French Beans & Chanterelle Mushrooms with Balsamic Cream Sauce

I’ve been trying to get my hands on chanterelle mushrooms for a while, but because I’m picky it took a little longer. My pickiness concerns the origin of the mushrooms. While Chernobyl happened in the last millennium, we know that mushrooms grown in Eastern European countries are still believed to be one of the most contaminated foods today. In German supermarkets, the most common country of origin for chanterelles is Lithuania, but talking to a friend we found out that meanwhile a lot of Eastern European countries send their mushrooms to Lithuania for packaging, so the packaging will state Lithuania as country of origin. Okay, this was getting too complicated for me. But then, when I’d given up the idea of cooking with chanterelles, I discovered our local market has a couple of booths selling Bavarian and Austrian ones. Oh happy day.

Lounging around with a cup of my beloved coffee, wondering how to prepare the chanterelles, I went through a mental inventory of my pantry (I use the term pantry loosely here, I don’t really have one! Everything is stored in kitchen cupboards…). One thing that came to mind was Barolo pasta which – once again – I had bought on a whim, thinking it might come in handy one day. Then I had a bag of French beans, which came from what I call my mother’s “vegetable exchange program”. Both my parents and their neighbours seem to have too much of everything in their gardens, so they swap a lot of vegetables. Very handy.

When I came up with the French bean and chanterelle idea my first thought was a warm salad with a balsamic vinegar reduction. But once I remembered the Barolo pasta, I wanted a more substantial sauce, something creamier, though still with balsamic vinegar in it. So I tried this balsamic reduction with cream mixed in. While mixing and cooking, I tasted constantly until I deemed it perfect, but when I finally sat down to eat my first thought was “wow!”. I used my favourite balsamic vinegar made from Rioja wine, which is milder than the usual stuff, but during cooking with the cream it became even milder. Once again, an experiment that was very well worthwhile.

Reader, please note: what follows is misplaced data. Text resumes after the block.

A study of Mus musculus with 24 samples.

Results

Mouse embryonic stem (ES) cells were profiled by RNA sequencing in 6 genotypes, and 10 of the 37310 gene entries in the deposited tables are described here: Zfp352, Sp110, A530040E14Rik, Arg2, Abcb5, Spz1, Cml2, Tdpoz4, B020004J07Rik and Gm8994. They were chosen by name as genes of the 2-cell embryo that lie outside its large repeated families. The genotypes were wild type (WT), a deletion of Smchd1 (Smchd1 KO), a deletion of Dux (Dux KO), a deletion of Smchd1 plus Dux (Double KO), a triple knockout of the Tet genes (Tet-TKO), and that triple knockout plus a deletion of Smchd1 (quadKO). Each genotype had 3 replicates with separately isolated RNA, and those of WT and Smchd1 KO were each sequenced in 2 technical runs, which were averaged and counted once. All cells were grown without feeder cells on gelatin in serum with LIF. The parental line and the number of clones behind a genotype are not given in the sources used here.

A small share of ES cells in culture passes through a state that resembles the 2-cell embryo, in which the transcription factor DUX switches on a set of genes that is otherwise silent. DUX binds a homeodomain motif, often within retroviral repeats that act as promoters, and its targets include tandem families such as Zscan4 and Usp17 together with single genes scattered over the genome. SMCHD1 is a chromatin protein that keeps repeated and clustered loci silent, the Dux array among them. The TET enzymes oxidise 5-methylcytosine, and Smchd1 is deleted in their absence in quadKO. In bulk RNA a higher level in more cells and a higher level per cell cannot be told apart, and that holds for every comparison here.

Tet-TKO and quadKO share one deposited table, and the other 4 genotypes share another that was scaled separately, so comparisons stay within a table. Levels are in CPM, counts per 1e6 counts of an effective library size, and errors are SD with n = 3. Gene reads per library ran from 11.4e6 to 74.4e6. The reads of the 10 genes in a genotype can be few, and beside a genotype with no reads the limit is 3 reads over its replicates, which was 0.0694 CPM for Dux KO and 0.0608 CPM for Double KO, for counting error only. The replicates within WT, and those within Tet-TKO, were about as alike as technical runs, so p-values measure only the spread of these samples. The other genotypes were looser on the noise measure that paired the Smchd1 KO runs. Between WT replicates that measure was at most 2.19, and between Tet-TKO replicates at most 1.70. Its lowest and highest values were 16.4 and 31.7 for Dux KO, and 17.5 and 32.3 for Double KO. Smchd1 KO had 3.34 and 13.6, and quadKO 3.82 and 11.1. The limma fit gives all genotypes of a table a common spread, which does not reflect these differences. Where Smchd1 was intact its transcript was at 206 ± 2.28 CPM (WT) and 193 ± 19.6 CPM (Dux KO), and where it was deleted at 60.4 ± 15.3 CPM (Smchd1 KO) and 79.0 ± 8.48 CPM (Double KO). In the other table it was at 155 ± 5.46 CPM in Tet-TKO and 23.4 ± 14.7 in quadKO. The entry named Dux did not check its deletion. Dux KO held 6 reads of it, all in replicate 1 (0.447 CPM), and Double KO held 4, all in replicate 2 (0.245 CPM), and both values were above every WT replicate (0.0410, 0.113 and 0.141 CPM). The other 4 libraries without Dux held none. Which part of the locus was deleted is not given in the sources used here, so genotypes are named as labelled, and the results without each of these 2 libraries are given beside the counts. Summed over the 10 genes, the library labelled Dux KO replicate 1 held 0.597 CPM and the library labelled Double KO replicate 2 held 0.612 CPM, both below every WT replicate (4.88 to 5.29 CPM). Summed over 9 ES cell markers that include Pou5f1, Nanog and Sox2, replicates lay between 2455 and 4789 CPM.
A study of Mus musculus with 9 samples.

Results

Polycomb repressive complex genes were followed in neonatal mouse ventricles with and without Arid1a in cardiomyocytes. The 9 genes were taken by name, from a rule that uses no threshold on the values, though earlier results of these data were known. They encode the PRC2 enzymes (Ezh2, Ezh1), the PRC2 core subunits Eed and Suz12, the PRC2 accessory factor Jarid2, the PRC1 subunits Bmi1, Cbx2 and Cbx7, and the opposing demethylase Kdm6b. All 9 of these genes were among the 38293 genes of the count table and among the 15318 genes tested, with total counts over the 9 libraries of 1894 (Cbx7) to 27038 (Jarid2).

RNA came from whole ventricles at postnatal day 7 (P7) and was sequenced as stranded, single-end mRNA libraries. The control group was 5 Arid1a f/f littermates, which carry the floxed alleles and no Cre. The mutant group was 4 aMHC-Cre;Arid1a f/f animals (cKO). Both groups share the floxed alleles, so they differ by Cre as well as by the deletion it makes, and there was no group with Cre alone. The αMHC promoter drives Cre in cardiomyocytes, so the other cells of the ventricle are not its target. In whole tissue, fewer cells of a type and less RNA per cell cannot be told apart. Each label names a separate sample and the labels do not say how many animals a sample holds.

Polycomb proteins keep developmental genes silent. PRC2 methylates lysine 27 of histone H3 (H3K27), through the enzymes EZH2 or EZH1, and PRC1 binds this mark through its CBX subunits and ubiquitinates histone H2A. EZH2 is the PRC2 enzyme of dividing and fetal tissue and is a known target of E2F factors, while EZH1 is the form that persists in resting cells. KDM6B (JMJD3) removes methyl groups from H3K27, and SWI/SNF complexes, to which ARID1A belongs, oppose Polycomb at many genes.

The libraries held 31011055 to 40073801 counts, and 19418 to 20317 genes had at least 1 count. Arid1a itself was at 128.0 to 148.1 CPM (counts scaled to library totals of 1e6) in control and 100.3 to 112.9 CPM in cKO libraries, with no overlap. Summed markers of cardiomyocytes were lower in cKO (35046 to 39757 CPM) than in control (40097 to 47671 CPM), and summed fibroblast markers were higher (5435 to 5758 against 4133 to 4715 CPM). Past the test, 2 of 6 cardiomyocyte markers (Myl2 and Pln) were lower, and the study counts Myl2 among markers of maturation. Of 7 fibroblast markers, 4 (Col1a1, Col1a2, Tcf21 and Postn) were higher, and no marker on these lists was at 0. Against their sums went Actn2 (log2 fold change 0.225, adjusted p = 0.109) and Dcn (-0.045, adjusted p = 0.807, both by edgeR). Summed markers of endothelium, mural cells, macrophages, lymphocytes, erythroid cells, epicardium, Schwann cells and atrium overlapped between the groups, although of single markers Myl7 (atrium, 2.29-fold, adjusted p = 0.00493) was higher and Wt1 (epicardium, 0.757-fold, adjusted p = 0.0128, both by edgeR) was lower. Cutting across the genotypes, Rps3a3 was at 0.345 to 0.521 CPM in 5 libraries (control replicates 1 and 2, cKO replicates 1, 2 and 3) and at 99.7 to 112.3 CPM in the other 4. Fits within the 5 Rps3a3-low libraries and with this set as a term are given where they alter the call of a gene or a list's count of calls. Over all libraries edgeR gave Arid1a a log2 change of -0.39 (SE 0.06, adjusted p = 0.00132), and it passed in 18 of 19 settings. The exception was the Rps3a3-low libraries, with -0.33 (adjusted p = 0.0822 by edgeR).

A note on the use of butter: there are a lot of dishes where substituting butter for something low- or non-fat is justified. But this is not one. If you feel inspired to try this recipe, I beg you to use butter!

French Beans & Chanterelle Mushrooms with Balsamic Cream Sauce

400 g French beans
200 g chanterelle mushrooms
1 onion
6 bacon rashers
1/3 stick butter
mild balsamic vinegar
cream
salt
freshly ground pepper
400 g pasta

serves 2

Wash beans, cut off ends, and halve. Clean the chanterelles (see tip below). Finely dice the onion. Cut the bacon rashers into thin-ish strips.

Get the balsamic reduction started by pouring the vinegar into a small pot, about 2.5 cm / 1 inch high. Once it’s on a boil, reduce temperature to medium, and let simmer for about 10 minutes. Add cream, starting out with a small amount, then adding more as it simmers along. [I tasted it often, and liked it best when I had added enough for it to get the colour of a latte macchiato.]

Start cooking the beans in salt water. [I find that blanching them for 5 – 10 minutes leaves them too hard, so I cooked them for 15 minutes, which left them still crunchy but done.]

Start cooking the pasta at the same time as the beans. Once it’s done, drain, add a knob of butter, stir it through, and keep pasta warm.

Fry bacon, starting out without any additional fat. Once the bacon starts to brown, add the onions and a knob of butter. When the onions start getting colour, add the chanterelles and cook until they start getting colour, too. Add more butter if necessary, the vegetables shouldn’t swim in it, but they should have a buttery sheen. Add the beans last, stir through, and cook for another 5 minutes.

Arrange pasta on plates, spooling a portion onto a fork, then slowly pushing it down onto the plate so it makes a nest. Arrange the vegetables around it, and drizzle everything with the sauce.

Notes:
Use any long pasta shape – like tagliatelle or fettuccine, they’re available in different widths – that you can stick your fork in and coil so you can make a pasta nest on the plate.
The Barolo pasta was nothing special, you couldn’t taste that it was made with wine (not that I expected that), and as it also lost its pretty colour in the cooking process, next time I’d settle for plain pasta.
I realise I’m mixing European and US measures again in this recipe, which I wanted to avoid, but I actually had sticks of butter in the fridge, hence this measurement.
A handy tip on cleaning chanterelle mushrooms that I learned from a TV cook: put mushrooms in a colander and sprinkle with 1 tbsp flour. Put colander in sink, and fill sink with cold water to just under the rim of the colander so the mushrooms will swim in it. Softly rub the flour into the mushrooms. The grainy structure of the flour will help to loosen the dirt and grit from the mushrooms.
Reading this recipe it sounds like you have to do everything at once, but it’s not that bad, really. You basically start off everything at the same time, but things will be ready one after the other, so you don’t have to tend to them all simultaneously.